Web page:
CARIBOU, Maine — The Nylander Museum of Natural History reopened Saturday after being closed since mid-March due to concerns surrounding the COVID-19 pandemic.
At first, the museum will only be open weekends from 1 to 3 p.m. through August, after which adjustments will be made based on the status of the virus, according to Gail Hagelstein of the Nylander Museum Board.
As with the Caribou Public Library, masks and hand sanitizer will be required and provided at each entrance of the building. Doors will remain open to improve air circulation and a plexiglass will be up at the desk in the lobby to protect volunteers.
Hagelstein said everything at the museum is either under glass, put away, or accompanied by a “do not touch” sign. If any visitors want to sit down and read one of the books at the museum, they can do so, however the book will be put away downstairs for 14 days afterward.
“The museum does look a bit different because there aren’t many touchable items,” she said. “Those who are tactile or want to touch things are going to have to wait a bit.”
In the past, the museum has typically hosted week or two-week long themed events focused on dinosaurs, bugs and other natural phenomena, however, due to the limited hours Hagelstein said the board has considered extending these events into one month. And instead of making projects and crafts centered around the theme at the museum, children and guests will be able to take items so they can work on the activities at home.
Additionally, the museum recently hired Jonathan McEndarfer through the AmeriCorps VISTA program on July 6.
“I’ve always enjoyed the Nylander Museum and I would come here often during high school,” McEndarfer said. “So when I saw the job opening on Facebook I thought it would be a nice opportunity to contribute more to the museum and the community.”
As the museum prepares to open to the public, McEndarfer has been working to ensure safety precautions are in place as a result of COVID-19. He is also restoring an herb garden at the museum so guests can learn more about common plants and how they are used in food and medicine.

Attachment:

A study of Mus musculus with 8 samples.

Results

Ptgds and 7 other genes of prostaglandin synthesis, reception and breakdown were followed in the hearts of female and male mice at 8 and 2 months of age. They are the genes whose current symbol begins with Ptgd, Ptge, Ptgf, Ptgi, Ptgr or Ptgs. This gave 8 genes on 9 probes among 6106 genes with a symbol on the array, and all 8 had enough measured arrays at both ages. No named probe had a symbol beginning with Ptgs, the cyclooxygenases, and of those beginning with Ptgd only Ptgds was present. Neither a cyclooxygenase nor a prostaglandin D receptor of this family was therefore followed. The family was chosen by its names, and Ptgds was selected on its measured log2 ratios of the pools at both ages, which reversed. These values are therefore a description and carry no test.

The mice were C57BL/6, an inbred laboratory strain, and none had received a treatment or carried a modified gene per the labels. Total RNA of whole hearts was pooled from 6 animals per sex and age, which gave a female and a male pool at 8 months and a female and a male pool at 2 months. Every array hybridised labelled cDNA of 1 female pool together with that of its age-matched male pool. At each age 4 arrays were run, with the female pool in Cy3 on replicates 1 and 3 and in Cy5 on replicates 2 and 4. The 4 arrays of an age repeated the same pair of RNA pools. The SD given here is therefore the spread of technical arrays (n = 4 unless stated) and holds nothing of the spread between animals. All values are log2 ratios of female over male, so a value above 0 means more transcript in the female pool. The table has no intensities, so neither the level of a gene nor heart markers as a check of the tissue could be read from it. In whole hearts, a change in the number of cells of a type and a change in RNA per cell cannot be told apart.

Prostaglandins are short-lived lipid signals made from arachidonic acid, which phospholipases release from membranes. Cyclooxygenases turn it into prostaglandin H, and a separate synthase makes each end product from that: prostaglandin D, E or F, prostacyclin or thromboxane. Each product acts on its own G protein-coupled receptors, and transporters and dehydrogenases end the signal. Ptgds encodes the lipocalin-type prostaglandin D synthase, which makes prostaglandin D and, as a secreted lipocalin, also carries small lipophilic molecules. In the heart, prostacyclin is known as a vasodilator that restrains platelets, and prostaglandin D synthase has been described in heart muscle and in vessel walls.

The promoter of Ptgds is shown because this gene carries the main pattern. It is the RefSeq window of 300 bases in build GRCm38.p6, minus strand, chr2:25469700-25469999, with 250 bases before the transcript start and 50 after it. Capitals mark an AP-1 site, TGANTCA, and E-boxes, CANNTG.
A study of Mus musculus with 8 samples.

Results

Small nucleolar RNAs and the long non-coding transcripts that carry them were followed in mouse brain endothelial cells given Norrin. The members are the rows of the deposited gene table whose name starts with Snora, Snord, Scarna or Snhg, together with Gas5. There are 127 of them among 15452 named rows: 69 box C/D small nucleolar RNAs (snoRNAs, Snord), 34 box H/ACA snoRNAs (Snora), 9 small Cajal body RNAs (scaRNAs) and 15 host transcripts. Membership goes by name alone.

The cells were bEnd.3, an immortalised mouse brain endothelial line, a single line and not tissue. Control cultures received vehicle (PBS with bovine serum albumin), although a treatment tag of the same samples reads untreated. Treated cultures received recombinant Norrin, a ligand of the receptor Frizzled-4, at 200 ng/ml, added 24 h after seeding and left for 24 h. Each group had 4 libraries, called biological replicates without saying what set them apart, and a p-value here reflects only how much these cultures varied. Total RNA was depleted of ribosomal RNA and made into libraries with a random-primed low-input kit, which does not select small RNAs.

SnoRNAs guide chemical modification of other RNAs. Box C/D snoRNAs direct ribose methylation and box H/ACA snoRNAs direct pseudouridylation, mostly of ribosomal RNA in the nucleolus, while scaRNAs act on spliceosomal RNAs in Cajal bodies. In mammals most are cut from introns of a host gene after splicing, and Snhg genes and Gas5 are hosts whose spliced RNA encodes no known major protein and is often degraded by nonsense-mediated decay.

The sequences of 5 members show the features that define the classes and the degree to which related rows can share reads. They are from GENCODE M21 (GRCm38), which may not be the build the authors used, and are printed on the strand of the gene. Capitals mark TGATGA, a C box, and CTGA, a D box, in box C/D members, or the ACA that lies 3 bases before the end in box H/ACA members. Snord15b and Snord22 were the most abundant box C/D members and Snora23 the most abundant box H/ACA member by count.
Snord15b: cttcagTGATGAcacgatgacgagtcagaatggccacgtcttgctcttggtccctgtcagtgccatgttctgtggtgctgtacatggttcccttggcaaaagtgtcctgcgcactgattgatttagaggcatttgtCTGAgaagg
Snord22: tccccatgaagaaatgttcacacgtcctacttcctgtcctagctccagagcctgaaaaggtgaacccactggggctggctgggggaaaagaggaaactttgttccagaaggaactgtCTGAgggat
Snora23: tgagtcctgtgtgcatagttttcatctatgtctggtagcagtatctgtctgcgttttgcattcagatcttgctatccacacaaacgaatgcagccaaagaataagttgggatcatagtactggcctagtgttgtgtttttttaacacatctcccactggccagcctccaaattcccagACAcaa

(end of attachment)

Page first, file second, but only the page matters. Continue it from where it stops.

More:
McEndarfer said he was looking forward to the Saturday reopening and meeting new people while continuing to offer this service to the public.
“We are planning activities and projects as we continue,” McEndarfer said. “This whole COVID situation has thrown a wrench in the system for everybody. The museum hopes to be ready to continue community and develop outreach programs for local schools and any individuals.”
Hagelstein commended both the Caribou Parks and Recreation Department and the Caribou Public Library for helping the museum prepare for their reopening.
“[Caribou Parks and Recreation Superintendent Gary Marquis] and his crew were in front of the museum yesterday,” she said. “They cut back the cedar and cherry trees and pulled out huge juniper bushes. It looks so much better; there really is a building behind all that greenery.”
Hagelstein said she’s anticipating the reopening, especially after building up momentum and excitement for events. Just a month before closing, the museum held a “Dino Days” event for a week in February that attracted about 350 visitors.
“We’re excited to open again and to have people come through,” she said. “A museum isn’t a museum if no one is coming to visit. Jonathan wants to make exhibits and displays more interactive and has some good ideas on how to get kids more involved when they come. We’re just trying to do what we’ve been doing for the last few years, but in a way that keeps everyone safe.”